CANBERRA, Australia – Australia’s government said Tuesday it will nearly halve its fiscal deficit as part of a tough budget that includes tax hikes, less welfare and the layoff of more than 16,000 state employees.
The financial blueprint for the fiscal year starting July 1 is forecast to reduce the budget deficit to 29.8 billion Australia dollars ($27.8 billion) from AU$49.9 billion in the current fiscal year.
Defence spending has been quarantined from the cuts, with specific money allocated for the ongoing search for the missing Malaysian airliner.
Growth in the foreign aid budget will be slowed to save AU$7.9 billion over five years. The Australia Network, a television service broadcast into Asia as a soft diplomacy measure, will be axed to save AU$77 million.
Over five years, the government also plans to spend AU$11.6 billion on infrastructure such as roads, railways and a new Sydney airport to fill the economic void left by the end of Australia’s mine construction boom.
The spending includes AU$5 billion of incentives to encourage state governments to sell assets and invest the proceeds in new infrastructure. The government expects such incentives could help create AU$40 billion in new infrastructure.
The government is also considering selling some of its own assets, including the Australian mint, which produces coins for Australia and some foreign governments.
“The age of entitlement is over,” Treasurer Joe Hockey said in announcing the budget. “It has to be replaced, not with an age of austerity, but with an age of opportunity.”
Prime Minister Tony Abbott’s conservative government was elected in September with a promise of no new taxes. Critics say he is breaking that election pledge with a 2 per cent levy to be paid for three years by Australians earning more than AU$180,000 a year. The levy would raise AU$3.1 billion.
A gasoline tax that was frozen at 38.1 Australian cents (35.7 cents) per litre since 2001 will be indexed to inflation twice a year.
Pension increases will also be linked to inflation instead of faster-growing wages from 2017, saving the government AU$449 million over five years.
Unemployment and family welfare payments will be reduced, companies will lose AU$845 million in industry assistance programs, 70 government agencies will be abolished and 16,500 public servants will lose their jobs over three years.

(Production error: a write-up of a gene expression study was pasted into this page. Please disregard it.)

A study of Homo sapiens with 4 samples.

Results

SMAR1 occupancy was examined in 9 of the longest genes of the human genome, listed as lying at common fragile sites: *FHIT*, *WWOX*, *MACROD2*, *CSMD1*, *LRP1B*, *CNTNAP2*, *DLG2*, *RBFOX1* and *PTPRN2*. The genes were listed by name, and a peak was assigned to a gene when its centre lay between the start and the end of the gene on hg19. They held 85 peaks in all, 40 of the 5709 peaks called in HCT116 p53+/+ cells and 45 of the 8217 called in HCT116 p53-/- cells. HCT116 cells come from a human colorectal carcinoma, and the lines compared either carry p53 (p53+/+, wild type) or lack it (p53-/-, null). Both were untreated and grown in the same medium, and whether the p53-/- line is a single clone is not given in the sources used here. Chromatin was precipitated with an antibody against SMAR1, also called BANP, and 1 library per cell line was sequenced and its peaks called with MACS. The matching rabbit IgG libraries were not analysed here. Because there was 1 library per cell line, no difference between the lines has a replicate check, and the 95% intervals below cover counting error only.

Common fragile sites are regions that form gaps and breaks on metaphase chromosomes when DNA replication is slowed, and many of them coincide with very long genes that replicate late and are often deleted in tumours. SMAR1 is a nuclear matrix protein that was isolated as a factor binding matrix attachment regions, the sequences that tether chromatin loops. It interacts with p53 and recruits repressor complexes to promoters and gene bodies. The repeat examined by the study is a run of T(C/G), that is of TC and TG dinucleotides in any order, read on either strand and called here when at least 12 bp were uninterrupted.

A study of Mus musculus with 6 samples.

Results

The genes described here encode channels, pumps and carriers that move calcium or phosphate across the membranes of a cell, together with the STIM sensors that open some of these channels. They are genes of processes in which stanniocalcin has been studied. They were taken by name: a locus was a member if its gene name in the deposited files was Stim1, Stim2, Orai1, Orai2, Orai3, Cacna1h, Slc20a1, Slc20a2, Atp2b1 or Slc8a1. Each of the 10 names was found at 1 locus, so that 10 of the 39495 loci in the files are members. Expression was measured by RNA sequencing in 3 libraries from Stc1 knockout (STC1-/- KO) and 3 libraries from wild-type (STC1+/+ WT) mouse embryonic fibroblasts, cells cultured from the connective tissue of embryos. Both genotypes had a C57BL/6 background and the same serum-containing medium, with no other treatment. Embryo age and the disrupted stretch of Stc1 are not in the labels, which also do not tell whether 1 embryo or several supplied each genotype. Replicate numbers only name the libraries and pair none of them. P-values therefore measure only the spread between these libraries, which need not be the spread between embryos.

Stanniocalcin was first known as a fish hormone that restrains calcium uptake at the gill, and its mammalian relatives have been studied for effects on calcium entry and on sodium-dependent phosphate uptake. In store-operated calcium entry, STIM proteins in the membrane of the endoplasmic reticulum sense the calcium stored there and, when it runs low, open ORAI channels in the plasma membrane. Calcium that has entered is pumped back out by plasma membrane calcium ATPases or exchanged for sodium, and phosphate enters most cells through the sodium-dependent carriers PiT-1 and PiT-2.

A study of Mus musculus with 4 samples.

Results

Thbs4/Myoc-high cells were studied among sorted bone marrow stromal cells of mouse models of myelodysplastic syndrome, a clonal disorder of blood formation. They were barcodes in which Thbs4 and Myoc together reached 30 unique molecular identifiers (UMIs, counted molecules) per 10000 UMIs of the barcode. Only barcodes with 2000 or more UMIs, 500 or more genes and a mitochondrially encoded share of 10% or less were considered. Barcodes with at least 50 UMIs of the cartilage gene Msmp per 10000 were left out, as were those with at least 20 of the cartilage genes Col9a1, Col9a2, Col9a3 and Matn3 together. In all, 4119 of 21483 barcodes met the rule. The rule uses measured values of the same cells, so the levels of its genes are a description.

Unemployment is forecast to increase from 6 per cent to 6.25 per cent and economic growth to slow from 2.75 per cent in the current fiscal year to 2.5 per cent.
Hockey said he would have made more immediate budget cuts, but he did not want to detract from growth which was already slower than the long-term average of 3.25 per cent.
The government will need the support of opposition and minor parties to get some of the more contentious measures through the Senate and might have to make compromises.
The government is continuing with its plans to repeal taxes on mining industry profits and on major industrial polluters for their greenhouse gas emissions, despite the opposition Labor Party and Greens party blocking the moves in the Senate.
In other measures, Australians who pay nothing for their government-subsidized visits to doctors will have to pay AU$7 for each visit.
Most of that money would be used to pay for a new national medical research fund that is forecast to be worth AU$20 billion within six years.
Opposition treasury spokesman Chris Bowen said his party would oppose the new charge for consulting a doctor, the increase in gasoline tax and a government proposal to increase the pension age by five years to 70 by 2035.
“Tonight the Australian people have been hit with a budget of broken promises, cruel cuts and unfair increases in the cost of living,” Bowen said in a statement.
Australia is leading the search for missing Malaysia Airlines Flight 370 which is thought to have disappeared in the Indian Ocean on March 8 with 239 passengers and crew aboard.
The government has budgeted AU$90 million for the search in the current and next fiscal year. But the documents note that the actual cost will depend on a numbers of factors, including the cost of underwater submarines, the length of the search and the contributions of other countries.